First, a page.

Leaders say food tax hike appears dead

"I think that's not going to be addressed this session," Senate President Wayne Niederhauser, R-Sandy, told reporters Friday.

"The House doesn't seem to be in favor of it, so we're wondering why we should spent a lot of energy if it's just going to die over in the House," he said, noting that is what happened last year.

Agreeing with him is Sen. John Valentine, R-Provo, who planned to sponsor a bill to increase the tax. "If one of the bodies is not in favor, it makes no sense to try to move this," he said. "I do not want this just to be a statement bill, I want to do it because we need to stabilize the structure" of the tax system.

In 2006 and 2007, Utah's sales tax on food was cut in steps from 4.75 percent to 1.75 percent, a major initiative backed by then-Gov. Jon Huntsman, who said it would help working families and the poor.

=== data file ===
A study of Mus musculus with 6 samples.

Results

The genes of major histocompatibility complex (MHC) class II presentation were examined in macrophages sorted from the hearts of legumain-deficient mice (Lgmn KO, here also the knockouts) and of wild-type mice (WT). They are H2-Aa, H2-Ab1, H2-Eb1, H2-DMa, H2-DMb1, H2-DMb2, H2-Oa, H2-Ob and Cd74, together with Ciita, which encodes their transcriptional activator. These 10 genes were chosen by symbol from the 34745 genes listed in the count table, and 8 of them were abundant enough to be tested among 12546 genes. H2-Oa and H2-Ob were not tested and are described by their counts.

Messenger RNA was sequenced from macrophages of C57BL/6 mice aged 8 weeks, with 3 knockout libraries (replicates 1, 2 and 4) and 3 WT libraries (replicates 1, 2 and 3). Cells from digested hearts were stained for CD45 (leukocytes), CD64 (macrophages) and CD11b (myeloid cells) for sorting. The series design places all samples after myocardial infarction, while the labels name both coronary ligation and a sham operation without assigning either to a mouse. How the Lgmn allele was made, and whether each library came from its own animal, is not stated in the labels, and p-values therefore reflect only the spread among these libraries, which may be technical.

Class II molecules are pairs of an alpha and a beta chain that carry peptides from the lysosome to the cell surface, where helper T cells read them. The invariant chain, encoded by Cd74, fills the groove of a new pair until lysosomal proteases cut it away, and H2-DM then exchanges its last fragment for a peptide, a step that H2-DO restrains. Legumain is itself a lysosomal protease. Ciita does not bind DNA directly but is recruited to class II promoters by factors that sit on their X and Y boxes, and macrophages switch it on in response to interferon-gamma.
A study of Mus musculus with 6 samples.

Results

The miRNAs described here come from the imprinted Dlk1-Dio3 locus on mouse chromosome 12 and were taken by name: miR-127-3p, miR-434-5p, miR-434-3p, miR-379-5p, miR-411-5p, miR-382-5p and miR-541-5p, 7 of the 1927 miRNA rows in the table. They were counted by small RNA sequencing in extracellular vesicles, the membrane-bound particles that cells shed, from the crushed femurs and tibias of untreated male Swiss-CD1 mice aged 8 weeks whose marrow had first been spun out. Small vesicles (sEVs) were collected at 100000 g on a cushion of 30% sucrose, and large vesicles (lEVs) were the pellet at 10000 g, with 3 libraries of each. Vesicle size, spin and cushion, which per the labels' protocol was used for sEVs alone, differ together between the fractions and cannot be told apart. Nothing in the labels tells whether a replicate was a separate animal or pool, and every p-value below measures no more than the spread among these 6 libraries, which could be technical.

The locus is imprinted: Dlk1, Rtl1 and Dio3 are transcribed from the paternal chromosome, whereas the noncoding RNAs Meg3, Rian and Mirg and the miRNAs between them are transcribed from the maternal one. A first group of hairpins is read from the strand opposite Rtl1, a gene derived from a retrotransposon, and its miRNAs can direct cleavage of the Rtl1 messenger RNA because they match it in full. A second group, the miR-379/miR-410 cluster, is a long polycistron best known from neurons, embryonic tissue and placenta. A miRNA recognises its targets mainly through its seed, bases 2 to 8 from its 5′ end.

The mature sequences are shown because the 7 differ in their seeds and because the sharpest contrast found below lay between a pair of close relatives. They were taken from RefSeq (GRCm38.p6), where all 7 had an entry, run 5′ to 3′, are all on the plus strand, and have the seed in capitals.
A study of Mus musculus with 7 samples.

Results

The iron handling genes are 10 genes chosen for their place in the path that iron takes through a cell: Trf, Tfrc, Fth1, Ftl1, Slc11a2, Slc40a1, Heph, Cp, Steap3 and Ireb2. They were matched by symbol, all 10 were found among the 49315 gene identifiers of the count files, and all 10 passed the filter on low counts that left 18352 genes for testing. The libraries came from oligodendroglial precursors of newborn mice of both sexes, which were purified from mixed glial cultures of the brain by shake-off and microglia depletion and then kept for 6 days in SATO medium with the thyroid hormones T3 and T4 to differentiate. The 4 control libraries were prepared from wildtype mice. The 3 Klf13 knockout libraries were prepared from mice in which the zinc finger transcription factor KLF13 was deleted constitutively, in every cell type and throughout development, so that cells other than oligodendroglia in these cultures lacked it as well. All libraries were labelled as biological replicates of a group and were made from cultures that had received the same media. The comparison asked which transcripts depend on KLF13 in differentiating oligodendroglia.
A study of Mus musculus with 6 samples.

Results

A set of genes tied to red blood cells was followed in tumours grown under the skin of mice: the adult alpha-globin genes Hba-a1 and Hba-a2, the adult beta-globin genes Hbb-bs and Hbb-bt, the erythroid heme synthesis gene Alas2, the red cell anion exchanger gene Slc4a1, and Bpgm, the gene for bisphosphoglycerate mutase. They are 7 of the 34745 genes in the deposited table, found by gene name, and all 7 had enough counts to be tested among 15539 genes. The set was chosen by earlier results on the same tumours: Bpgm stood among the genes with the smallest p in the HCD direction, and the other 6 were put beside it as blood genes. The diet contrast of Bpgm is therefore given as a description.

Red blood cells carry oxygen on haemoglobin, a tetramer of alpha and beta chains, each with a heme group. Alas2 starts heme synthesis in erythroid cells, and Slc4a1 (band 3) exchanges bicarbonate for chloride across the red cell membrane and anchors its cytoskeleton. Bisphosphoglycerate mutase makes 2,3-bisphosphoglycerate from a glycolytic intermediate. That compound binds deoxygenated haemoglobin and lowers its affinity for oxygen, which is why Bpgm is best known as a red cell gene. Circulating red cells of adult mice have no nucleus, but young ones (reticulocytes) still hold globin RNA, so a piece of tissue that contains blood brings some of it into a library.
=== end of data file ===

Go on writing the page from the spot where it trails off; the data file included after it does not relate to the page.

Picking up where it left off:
However, Valentine and allies say that also made revenues from remaining sales tax more volatile, and they plummeted when the recession hit — making it hard to fund government. Some lawmakers argued that raising tax again on food would make revenues more stable in bad times —┬ábecause people always need to eat.

Valentine had proposed giving the poor tax credits in exchange for raising the food tax. But some advocates for the poor still opposed that, saying it could still hurt retirees, the disabled or the homeless because they would not know how to file for tax credits or may not have an address to prove they are eligible for it.

Niederhauser said that for now, support for raising the food tax "doesn't seem to have the energy to actually move that forward."

Valentine said he may still introduce the proposal as a numbered bill, but only so other lawmakers can study it to possibly build support for it in the future. "We really need to talk about the structural integrity of our tax system," he said.